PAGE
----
Dougga Tunisia, fringes of the Roman Empire

by Steven Sklifas
Roman theatre. Dougga Tunisia.

The wonderfully intact ancient Roman settlement of Dougga is located 110 km south-west of Tunis , the capital city of Tunisia.

Situated on hilltop (571 metres elevation) overlooking a fertile valley with olive groves and fields of grain, Dougga provides an intimate insight into life in antiquity and is a UNESCO World Heritage Site.

Originally named Thugga by the Numidians founders, the city was annexed by Roman Emperor Caesar and became part of the Roman Empire.

From the 2nd to the 4th century, under Roman rule, the city experienced its greatest period of growth and splendour when its landowners grew wealthy from the regions agricultural production.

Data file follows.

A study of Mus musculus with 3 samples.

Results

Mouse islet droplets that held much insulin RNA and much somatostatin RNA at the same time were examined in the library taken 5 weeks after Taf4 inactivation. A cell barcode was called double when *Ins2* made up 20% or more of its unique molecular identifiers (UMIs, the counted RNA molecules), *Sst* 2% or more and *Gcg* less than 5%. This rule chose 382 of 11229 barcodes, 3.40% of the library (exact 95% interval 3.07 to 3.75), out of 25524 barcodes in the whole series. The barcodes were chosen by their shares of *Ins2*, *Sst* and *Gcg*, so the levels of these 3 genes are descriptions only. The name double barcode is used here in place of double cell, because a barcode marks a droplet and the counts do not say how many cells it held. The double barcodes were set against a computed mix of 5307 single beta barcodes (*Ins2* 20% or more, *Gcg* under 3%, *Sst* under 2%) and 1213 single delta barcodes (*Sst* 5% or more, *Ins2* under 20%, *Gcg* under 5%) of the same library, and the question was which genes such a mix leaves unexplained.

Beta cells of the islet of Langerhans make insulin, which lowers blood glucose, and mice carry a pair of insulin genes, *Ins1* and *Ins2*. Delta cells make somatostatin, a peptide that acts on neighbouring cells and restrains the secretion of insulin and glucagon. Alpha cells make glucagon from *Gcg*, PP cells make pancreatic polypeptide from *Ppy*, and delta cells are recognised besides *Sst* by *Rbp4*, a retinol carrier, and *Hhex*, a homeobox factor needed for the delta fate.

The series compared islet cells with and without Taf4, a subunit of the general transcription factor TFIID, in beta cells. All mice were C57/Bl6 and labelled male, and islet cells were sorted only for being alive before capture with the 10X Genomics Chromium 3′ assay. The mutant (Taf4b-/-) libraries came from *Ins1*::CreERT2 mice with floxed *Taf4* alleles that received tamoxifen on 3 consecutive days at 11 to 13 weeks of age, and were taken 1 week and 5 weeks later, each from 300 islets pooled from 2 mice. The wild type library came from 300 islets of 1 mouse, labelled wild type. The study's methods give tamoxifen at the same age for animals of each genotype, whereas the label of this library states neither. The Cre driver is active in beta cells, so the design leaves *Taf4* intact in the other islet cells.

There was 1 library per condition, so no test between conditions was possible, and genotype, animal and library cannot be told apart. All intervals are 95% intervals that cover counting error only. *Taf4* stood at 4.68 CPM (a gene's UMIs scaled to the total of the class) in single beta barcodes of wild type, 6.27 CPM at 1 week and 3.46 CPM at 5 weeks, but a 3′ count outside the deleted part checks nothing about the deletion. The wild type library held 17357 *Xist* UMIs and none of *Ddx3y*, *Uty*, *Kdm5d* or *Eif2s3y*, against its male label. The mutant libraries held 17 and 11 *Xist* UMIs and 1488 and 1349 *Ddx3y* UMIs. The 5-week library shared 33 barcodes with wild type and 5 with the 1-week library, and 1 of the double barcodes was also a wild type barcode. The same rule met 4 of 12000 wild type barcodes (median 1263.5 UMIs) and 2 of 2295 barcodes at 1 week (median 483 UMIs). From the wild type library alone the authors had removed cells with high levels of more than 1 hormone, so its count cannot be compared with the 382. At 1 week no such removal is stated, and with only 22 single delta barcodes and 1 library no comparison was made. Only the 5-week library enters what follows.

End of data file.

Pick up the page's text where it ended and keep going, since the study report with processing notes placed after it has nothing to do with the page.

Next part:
The region became known as the breadbasket of Rome. The city continued to prosper under Byzantine rule, however declined in the Islamic period.

Dougga has been described as the best-preserved small Roman town in North Africa and one of the contributing factors to its preservation is that families continued to live among the archaeological site ruins until 1961. Most of the inhabitants were relocated to a new village, Dougga-al-Jadida.

The archaeological site of the ancient town covers around 75 Hectares, and within its borders are fine preserved examples and remnants of life in antiquity.

Highlights include the impressive town centre (capitol, forum, market, square), there is a very impressive and well-preserved theatre, public baths, and even a brothel.

All images, text and content on this website are copyright Steven Sklifas.